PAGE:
On the heels of World AIDS Day, a study on the effectiveness of Truvada PrEP in reducing and preventing HIV transmission has been further analyzed to show that it works not only for men, but for trans women as well.
The study was conducted between 2007 and 2009 on approximately 2,500 participants from Brazil, Ecuador, Peru, South Africa, Thailand, and the United States. Each participant took either Truvada PrEP (pre-exposure prophylaxis, an antiretroviral drug that prevents HIV transmission) or a placebo pill daily. The large majority of the participants were gay or bisexual men, but just over 300 are broadly considered trans women. Specifically, “339 (14%) [participants] were classified as transgender women, including 29 (1%) who identified as women, 296 (12%) who identified as trans or ‘travesti,’ and 14 (1%) who identified as men but reported use of feminising hormones.”
Because the study was focused on men who have sex with men (MSM) and not specifically trans women, the analysis is not perfect, but a number of interesting conclusions could be made. As compared to the MSM who participated in the study, trans women were half as likely to take the PrEP pill daily, even when they were at higher risk for transmission, as measured by a variety of risk factors, including frequency of condom-less anal sex. However, among those who took the pill at least 4 times per week, not a single one became infected with HIV.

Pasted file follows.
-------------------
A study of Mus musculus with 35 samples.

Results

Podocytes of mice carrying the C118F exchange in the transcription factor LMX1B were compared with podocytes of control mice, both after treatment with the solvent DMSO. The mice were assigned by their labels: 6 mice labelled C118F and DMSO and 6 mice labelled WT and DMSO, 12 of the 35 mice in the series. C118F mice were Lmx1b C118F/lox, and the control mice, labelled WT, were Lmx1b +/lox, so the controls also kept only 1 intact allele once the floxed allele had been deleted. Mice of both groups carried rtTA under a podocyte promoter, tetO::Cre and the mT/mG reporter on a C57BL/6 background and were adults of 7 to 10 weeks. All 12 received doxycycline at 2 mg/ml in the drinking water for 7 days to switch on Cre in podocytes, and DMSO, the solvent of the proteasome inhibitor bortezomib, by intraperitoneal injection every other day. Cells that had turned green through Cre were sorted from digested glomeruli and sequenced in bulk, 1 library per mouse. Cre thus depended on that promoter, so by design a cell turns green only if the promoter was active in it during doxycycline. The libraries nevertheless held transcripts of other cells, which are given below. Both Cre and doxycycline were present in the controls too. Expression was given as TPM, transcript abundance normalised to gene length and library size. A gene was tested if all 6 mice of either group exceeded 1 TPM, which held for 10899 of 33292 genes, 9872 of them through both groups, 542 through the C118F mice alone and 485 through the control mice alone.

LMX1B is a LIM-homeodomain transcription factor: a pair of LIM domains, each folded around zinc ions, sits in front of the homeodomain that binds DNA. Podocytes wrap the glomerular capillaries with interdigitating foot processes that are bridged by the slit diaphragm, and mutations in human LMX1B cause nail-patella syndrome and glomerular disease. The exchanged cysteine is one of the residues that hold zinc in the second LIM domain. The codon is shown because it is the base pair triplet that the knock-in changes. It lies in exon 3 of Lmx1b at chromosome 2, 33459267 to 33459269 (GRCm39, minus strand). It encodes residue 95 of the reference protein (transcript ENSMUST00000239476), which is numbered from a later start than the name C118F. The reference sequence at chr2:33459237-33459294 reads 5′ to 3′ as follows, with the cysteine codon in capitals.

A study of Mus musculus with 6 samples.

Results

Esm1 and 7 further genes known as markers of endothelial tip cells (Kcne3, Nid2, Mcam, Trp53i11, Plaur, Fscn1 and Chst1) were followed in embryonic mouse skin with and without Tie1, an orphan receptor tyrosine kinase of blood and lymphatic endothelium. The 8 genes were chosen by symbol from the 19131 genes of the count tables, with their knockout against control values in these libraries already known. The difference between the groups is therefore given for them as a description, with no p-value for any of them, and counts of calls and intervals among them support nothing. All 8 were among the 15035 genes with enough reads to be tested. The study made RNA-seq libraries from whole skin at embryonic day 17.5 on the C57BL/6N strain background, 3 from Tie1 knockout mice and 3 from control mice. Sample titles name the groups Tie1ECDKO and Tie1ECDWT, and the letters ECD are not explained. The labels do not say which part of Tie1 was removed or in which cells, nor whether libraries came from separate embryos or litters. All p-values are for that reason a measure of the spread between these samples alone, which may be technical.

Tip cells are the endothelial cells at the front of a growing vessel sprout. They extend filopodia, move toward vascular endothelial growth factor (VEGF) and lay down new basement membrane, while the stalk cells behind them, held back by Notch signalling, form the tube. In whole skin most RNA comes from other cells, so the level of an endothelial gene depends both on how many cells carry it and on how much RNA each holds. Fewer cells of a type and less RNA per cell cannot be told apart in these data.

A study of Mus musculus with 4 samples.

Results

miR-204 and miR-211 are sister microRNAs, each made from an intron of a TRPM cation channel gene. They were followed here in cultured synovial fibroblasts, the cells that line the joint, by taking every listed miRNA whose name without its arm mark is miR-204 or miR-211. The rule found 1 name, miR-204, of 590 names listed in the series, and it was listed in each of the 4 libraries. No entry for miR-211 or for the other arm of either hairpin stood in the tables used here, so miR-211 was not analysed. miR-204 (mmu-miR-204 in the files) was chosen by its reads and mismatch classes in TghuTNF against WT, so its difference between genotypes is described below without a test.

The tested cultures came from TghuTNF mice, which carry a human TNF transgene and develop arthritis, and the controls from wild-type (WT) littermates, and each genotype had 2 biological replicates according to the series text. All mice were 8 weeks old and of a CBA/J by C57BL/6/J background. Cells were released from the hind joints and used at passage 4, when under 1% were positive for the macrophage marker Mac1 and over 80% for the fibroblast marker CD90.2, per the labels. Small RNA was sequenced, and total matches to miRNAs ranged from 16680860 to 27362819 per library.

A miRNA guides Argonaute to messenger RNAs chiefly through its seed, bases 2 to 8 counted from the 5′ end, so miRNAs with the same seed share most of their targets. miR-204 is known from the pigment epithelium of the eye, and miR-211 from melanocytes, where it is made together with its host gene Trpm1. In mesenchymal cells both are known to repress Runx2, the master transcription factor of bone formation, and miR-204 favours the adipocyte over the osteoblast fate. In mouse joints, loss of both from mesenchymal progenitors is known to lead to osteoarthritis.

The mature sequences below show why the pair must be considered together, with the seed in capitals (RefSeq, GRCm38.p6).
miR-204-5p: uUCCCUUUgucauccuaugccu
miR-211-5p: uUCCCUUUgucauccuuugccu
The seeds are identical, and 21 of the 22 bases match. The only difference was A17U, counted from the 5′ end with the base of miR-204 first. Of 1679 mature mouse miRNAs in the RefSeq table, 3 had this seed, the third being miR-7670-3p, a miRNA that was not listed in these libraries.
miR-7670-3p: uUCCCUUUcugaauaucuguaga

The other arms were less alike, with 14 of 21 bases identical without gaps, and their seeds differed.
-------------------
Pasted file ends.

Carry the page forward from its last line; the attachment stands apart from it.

The general conclusion among trials of Truvada PrEP has been that it is enormously effective in preventing HIV transmission among MSM, and it is heartening to see such success with trans women as well. There remains, however, concern about low usage by this subset of the high-risk population. Madeline Deutsch, one of those involved in the subgroup analysis of the study, said of the results: “[O]ne factor leading to lower rates of pill-taking may be due to either a fear of, or lack of information about drug-drug interactions between PrEP and gender-affirming hormone medications. For transgender women, their gender-affirming medications are a higher priority.”
While it may be oversimplifying to claim that all trans women prioritize gender-affirming medications like hormone replacement therapy over HIV prevention medications, a lack of information about the drug-drug interactions is certainly a problem. Furthermore, the barriers to access faced by trans women are tremendous, and for Truvada PrEP to be useful, it must be made available to them. Finally, no studies on the effectiveness of PrEP have been conducted yet with trans women in mind, only as an afterthought. In order to really understand and help prevent HIV transmission among trans women, the medical community must acknowledge and work to address their specific needs.
Regardless of your current level of sexual activity, I encourage you all to make an appointment to get tested for HIV. Home tests are available but can provide false negatives, and so I recommend you seek out your local Planned Parenthood, doctor’s office, or other sexual health clinic.